ISTANBUL-- A bagpipe squeals over Taksim Square as a ring of demonstrators dances merrily around.
The circle largely represents the grab bag of disparate groups that has come together in their anger at Prime Minister Recep Tayyip Erdogan. They say he is becoming increasingly authoritarian and many claim that he has tried to force Islamism -- through laws like restrictions on alcohol sales -- on a segment of the population that cherishes its secularism.
It is a cause that Zeynep Agbayir, a devout Muslim who proudly dons her head scarf as she joins her husband in the ring, says she strongly supports.
People like Agbayir, 27, and a member of the Muslim Anticapitalists movement, are a rarity in this square.
Erdogan and his Islamist Justice and Development Party (AKP) enjoy widespread support from conservative Muslims whereas the overwhelming majority of protesters identify themselves as secular. But religious participants say there are others like them who would attend were it not for social pressures.
According to Agbayir, Erdogan adds to this tension by manipulating religious Muslims.
"For example, when he said I’m not going to build a mall, but I’m going to build a mosque here, he was playing the religious card -- trying to engineer religious kinds of feelings," she says.
One of Erdogan’s initial reactions to the unfolding protests against a plan to build a shopping center in Taksim Square, was a proposal to scrap the mall project in favor of a mosque and an opera house.
'God, Bread, Freedom'
Agbayir’s anticapitalist group might be characterized as Marxist with a religious twist. The organization’s website
describes the "sweat and the blood of the working people," but a spokesperson said the group's left-wing political values are inherently religious ones.
"The group believes that property belongs to God and that means that the property belongs to the people," says graphic designer Emin Albayra, 33, beneath the organization's slogan "God, bread, freedom," which is emblazoned on the tent she is sitting in. "By being here we’re trying to tell people that this is how it is."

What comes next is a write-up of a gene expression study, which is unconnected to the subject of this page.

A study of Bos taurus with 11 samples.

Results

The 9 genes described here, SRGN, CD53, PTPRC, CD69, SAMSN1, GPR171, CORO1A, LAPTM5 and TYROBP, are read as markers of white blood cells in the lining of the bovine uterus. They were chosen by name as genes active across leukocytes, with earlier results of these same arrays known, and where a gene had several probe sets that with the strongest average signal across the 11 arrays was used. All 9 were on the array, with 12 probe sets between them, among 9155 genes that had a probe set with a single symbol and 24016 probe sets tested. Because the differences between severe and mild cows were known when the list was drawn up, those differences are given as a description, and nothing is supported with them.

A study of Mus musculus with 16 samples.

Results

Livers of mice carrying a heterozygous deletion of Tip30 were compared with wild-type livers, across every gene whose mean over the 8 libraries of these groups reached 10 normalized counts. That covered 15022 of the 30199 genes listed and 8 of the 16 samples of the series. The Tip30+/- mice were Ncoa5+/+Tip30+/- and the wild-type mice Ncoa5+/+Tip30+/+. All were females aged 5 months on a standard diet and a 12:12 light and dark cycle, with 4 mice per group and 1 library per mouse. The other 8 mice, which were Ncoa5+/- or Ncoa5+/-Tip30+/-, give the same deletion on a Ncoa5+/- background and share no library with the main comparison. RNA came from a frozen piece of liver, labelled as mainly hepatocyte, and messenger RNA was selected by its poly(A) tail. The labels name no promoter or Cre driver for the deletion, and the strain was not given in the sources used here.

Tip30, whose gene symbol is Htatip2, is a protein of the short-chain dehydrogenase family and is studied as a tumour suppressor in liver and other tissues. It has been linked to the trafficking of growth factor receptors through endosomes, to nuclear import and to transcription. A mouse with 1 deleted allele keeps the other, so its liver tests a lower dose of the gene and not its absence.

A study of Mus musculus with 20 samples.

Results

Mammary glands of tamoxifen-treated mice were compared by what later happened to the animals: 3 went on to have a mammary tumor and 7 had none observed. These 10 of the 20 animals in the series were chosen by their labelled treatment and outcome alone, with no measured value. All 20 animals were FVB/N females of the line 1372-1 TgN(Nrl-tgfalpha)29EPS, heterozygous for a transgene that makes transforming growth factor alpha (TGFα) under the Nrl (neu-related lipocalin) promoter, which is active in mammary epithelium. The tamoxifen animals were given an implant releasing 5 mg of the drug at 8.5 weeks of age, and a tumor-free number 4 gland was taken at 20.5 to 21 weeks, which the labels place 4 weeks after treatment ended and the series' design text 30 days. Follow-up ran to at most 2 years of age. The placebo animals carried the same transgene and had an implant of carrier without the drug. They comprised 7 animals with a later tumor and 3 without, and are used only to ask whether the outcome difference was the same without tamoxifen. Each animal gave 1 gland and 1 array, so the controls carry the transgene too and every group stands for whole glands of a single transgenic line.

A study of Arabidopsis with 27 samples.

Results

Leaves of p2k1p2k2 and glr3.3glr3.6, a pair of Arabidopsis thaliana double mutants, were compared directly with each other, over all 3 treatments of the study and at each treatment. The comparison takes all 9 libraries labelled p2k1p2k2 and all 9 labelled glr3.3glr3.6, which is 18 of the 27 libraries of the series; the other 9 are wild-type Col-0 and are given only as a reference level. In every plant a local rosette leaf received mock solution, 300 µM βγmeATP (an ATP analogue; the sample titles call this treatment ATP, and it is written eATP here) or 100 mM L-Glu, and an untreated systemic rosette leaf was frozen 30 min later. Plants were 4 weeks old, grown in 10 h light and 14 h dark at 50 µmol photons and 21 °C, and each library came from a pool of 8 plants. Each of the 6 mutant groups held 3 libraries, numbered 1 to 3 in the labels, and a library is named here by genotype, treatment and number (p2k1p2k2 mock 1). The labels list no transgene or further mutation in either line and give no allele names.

The collective, the most visible overtly religious group participating in the Taksim Square protests, does not represent a significant political force.
But other demonstrators who identified themselves as practicing Muslims also cited economic concerns and said there were more who supported their cause.
Sukran, who asked that her last name not be used, is wearing the only head scarf in a part of the park that has become a de facto meeting point for fans of the Besiktas soccer team. She expresses deep bitterness at what she calls a phony upper-class version of Islam -- one in which women who wear designer head scarves do not work.
The 24-year-old textile-factory employee says she works six days a week. She claims to know others who agree with her but are restricted from participating in the protest movement because of social pressures.
"There are a lot of restrictions within the families," she says."I have a lot of friends who think just like me but they’re just not allowed to come here."
Barcin Yinanc, a political columnist for the Istanbul-based "Hurriyet Daily News," agrees that practicing Muslims face pressure at home, but she maintained that some who might otherwise support the movement were fearful that signs of religiosity like head scarves would attract unwanted attention at the protest site.
Nevertheless, she insisted that the protest could not be simplified as a battle between Islamism and secularism.
"The thing is [the demonstrators] don’t have these grandiose world views about the nature of the state, about politics, etc.," she says. "What really defines them is obviously sort of [being] freedom seekers."
Yinanc's "live and let live" outlook is something that Agbayir can also identify with.
"I don’t want anyone to get involved in my head scarf," she says. "Just like I don’t want anyone to get involved in someone else’s drinking."